U.S. natural gas prices will fall further, to $2.25/MMBtu, starting in 2021 as demand from Mexico and LNG export terminals levels off at the same time gas associated with Permian Basin shale oil wells crashes into gas coming from Appalachia, a team of commodity and equity analysts at Sanford C. Bernstein & Co. LLC predicted in a series of March 27 notes.
Winners in this low-price environment will be LNG exporters, such as Cheniere Energy Inc.; independent power plant operators; and petrochemical manufacturers. Losers will be gas-focused producers in the Haynesville and Marcellus Shales who are burdened with take-or-pay pipeline contracts, Bernstein said.
"Gas levered names, particularly those with significant debt loads, are likely to struggle as gas prices compress cash margins," Bernstein analyst Bob Brackett said. He downgraded Appalahcian gas drillers Chesapeake Energy Corp. to "underperform" and Range Resources Corp. to "market perform."
Bernstein's full prediction is for $2.75/MMBtu prices the rest of the year year, falling to $2.50/MMBtu in 2019 and 2020, then $2.25/MMBtu in 2021 and not recovering until 2025. The prediction is a sharp break from price forecasts by the U.S. Energy Information Administration, which has Henry Hub prices averaging $3.06/MMBtu in 2018 and rising to $3.66/MMBtu in 2021 and $4.07/MMBtu in 2025.
U.S. demand is being dictated by exports via overseas LNG or to Mexico, which flatten after 2020, Bernstein analyst Jean Ann Salisbury said in a separate note March 27. At the same time, 25 Bcf/d of "free" gas associated with Permian Basin shale oil wells comes on the market and competes with 30 Bcf/d of Marcellus and Utica Shale gas. Appalachian producers will be forced to produce gas at less than a nominal $2.50/MMBtu break-even price because they will need to fill the pipeline build-out that is happening now, Salisbury said.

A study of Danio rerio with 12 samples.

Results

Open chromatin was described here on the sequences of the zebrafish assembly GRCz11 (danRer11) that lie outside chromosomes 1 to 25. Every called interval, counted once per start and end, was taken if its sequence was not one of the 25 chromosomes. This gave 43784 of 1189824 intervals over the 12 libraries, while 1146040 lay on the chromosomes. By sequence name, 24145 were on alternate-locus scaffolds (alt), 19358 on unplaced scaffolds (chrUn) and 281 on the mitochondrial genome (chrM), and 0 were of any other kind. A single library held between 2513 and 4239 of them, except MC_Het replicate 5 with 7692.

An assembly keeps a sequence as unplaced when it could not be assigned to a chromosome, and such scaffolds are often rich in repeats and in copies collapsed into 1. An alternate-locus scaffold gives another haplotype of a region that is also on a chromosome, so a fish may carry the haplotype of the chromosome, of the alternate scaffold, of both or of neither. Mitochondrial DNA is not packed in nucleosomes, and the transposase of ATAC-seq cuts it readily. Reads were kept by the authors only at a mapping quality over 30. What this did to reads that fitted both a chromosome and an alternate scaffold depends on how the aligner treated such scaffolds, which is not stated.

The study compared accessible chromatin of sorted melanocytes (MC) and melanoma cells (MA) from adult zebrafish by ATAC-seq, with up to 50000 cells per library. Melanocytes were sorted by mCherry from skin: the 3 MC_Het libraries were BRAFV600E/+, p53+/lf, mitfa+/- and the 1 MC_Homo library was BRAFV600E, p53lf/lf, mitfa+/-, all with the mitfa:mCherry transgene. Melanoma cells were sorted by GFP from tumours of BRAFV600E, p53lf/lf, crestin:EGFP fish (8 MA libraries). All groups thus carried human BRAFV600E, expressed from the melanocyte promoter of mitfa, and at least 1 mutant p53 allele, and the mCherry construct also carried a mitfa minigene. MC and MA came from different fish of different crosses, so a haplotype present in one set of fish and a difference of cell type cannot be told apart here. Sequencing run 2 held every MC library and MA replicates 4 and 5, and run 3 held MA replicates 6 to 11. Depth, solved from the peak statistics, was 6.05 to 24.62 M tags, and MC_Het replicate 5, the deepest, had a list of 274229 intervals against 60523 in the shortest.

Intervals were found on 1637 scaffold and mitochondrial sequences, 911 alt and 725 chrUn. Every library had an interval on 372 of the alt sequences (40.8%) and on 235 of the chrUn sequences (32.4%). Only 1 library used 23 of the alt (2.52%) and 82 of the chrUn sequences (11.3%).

"Associated gas growth continues to grow, unperturbed by gas price," Salisbury said. "This leaves almost no room for non-associated gas — we have the Marcellus/Utica plateauing at 30 Bcf/d and not even filling the 36 Bcf/d of total demand plus capacity that it will have by 2019."
In another note, Salisbury said she expects "healthy gas demand growth in the US, driven primarily by the startups of LNG liquefaction, ethane crackers, and Mexico power plants," through to 2020. "In our view, this wave of new demand growth ends abruptly in 2020. ... [I]t will be 2025-plus that we see the next wave."
Permian gas will cover all the minimal U.S. net demand growth during the hiatus, Salisbury said, leaving little room for gas from other basins. "This is bad for [Williams Cos. Inc.], which is effectively a play on gas volume" in the U.S. outside the Permian, Salisbury said. "Williams does have some demand-driven growth on [Transcontinental Gas Pipe Line Co. LLC]," but 50% of its EBITDA is related to gathering and processing services in other shale plays. "When we adjust for this in post 2020 growth it brings us to a market perform rating" for Williams, Salisbury said.
"The second way this could impact Williams, is through counterparty risk," Salisbury added. With natural gas prices in the low-$2/MMBtu range, Williams' biggest customer, Chesapeake, "will struggle to stay solvent," Salisbury said, putting pressure on Williams to renegotiate lower rates.
Upstream analyst Brackett was more sanguine about the pressures on Chesapeake, though he thinks Chesapeake needs average gas prices to be $3.25/MMBtu or more. "Chesapeake has a large asset base and has shown its ability to manage through a commodity price downturn through asset sales and debt exchanges," Bernstein said. "This debt management story does not allow for much of an equity bull case to be made but it does make a bankruptcy case more remote."
Cabot, Range and Southwestern are trading at values that reflect a $2.50/MMBtu environment and will perform in parallel with U.S. gas prices, Brackett said, noting that at $3/MMBtu, all three drillers have "significant upside." At a $2.25/MMBtu strip: "significant downside."